Shake, Rattle, and Bounce

The same moves that attract bass to lipless crankbaits in open water also work when doing the bottom hop.

Field & Stream Online Editors

Most anglers know that a lipless, rattling crankbait, retrieved at a lively pace, covers water faster than any other lure and automatically hooks any takers. It is an unbeatable fish finder whenever bass hold near the surface, especially over submerged weeds.

But what most anglers don't know is that bouncing lipless crankbaits over the bottom is a lethal ploy when bass retreat to deep water. This technique, however, requires more skill and attention than a simple steady retrieve. You must work the lipless rattler with the rod tip, essentially playing tag with the bottom, which must be relatively clean with few snags. You also must sense when a bass strikes -- usually as the lure falls -- and respond with a timely hookset.

Bouncing takes full advantage of the lipless rattler's attributes. The lure's fast sink rate lets you fish it deeper than any other crankbait. Its tight wiggle provokes bass when ripped off the bottom, while the internal BBs grate on a bass' nerves when the bait swims and bounces, provoking jolting strikes. And throughout the retrieve, the lure's lifelike profile convinces bass they are looking at the real deal.

Structures that lend themselves to rattle bouncing include points, dropoffs, roadbeds, and flats. If you've pinpointed a specific target, such as a sunken bridge or a group of boulders, vertical jigging is the best approach.

To jig vertically, first position the boat directly over the bass and let the lipless rattler sink straight down to the bottom. Then repeatedly raise the rod tip and let the lure flutter back down. Try everything from slow lifts of only 6 inches to sharp rips that snatch the lure up 4 feet at a pop. This is the same technique used with metal jigging spoons. The difference is the lipless rattler presents a livelier, noisier, and more natural-looking temptation.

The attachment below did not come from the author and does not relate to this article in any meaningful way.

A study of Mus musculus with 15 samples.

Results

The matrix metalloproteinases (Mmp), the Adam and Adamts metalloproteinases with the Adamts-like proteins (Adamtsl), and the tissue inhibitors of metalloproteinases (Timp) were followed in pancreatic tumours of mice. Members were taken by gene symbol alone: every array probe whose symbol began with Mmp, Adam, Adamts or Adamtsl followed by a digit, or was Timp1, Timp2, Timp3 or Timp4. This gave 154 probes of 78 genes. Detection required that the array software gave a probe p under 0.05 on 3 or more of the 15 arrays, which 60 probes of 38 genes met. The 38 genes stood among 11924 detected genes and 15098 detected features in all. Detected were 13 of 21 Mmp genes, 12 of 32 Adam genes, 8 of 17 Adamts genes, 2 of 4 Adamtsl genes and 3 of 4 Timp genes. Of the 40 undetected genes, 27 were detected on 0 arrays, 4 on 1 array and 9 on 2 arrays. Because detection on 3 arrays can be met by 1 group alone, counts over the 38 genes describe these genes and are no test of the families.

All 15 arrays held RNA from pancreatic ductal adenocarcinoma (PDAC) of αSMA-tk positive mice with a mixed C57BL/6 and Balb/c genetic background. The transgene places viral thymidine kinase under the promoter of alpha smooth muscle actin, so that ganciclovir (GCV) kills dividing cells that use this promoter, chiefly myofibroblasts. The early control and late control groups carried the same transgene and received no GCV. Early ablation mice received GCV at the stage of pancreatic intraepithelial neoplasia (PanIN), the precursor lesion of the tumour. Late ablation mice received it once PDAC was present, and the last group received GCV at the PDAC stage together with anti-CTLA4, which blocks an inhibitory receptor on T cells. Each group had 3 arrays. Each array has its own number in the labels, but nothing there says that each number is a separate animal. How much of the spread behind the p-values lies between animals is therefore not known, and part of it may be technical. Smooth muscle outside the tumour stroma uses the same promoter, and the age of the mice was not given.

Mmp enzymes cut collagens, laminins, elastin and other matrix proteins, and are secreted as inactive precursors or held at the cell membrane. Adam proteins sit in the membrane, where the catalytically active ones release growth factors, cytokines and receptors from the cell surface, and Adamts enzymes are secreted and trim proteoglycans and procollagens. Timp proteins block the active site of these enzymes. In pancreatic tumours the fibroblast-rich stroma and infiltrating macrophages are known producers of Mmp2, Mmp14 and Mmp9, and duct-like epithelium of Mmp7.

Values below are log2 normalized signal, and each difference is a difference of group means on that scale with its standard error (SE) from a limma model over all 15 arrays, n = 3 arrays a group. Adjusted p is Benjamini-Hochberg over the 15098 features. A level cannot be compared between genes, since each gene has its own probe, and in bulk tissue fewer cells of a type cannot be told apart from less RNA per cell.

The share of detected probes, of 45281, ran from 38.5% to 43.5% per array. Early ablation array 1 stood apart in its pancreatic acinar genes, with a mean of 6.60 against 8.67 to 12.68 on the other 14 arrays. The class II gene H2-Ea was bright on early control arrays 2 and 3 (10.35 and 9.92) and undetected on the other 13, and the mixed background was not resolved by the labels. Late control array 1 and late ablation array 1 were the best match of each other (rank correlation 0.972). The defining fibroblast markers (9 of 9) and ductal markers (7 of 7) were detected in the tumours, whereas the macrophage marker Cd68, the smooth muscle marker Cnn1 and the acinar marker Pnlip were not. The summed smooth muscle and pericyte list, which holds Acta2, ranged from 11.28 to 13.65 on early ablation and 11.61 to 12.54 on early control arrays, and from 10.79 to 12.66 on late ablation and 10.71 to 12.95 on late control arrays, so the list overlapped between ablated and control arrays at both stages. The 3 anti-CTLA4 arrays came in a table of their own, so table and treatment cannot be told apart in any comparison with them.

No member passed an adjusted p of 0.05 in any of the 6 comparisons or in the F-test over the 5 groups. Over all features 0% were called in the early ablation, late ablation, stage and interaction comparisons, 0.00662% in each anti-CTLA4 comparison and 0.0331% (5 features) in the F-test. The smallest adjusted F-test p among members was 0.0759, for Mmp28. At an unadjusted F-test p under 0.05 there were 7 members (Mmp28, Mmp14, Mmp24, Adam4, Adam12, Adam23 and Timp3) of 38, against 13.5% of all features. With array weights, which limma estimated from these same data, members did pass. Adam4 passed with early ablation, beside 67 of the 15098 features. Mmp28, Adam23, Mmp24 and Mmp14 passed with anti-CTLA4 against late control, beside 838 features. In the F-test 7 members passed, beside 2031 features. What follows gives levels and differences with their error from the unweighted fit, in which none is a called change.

To cover larger structures, such as expansive flats and humps where bass scatter to feed, make long casts and impart a bottom-hopping retrieve. Since bass on flats don't provide specific targets, the speed afforded by rattle bouncing lets you systematically fan your casts with optimum efficiency. If any bass are on the prowl, the odds are good you'll run the bait past them. The commotion generated by bottom bouncing also pulls bass several feet, increasing the lure's potency.

Long casts will increase bottom coverage. Thanks to its compact shape, a lipless rattler takes off like a rocket, especially when matched with a fiberglass 6 1/2- to 7-foot medium-action rod. A limp 12-pound-test monofilament allows for a fairly fast sink rate yet is strong enough to subdue heavyweight bass in open water. Drop down to 10-pound-test when fishing deeper than 20 feet. Thinner line slices through the water more easily, affording a faster sink rate.

Bouncing a lipless rattler over a dropoff, the most basic and consistent of all structures, charms bass with something they're not accustomed to seeing. Any time you give bass a different look, you're more likely to arouse their curiosity.

Hold the boat over the deep side of a dropoff, and bounce the lure downhill. If that doesn't initiate a response, position the boat over the shallow edge of the drop, cast into the deeper water, and bounce the rattler uphill. The latter method helps the lure maintain more positive bottom contact and often triggers strikes when the traditional downhill retrieve fails to get action.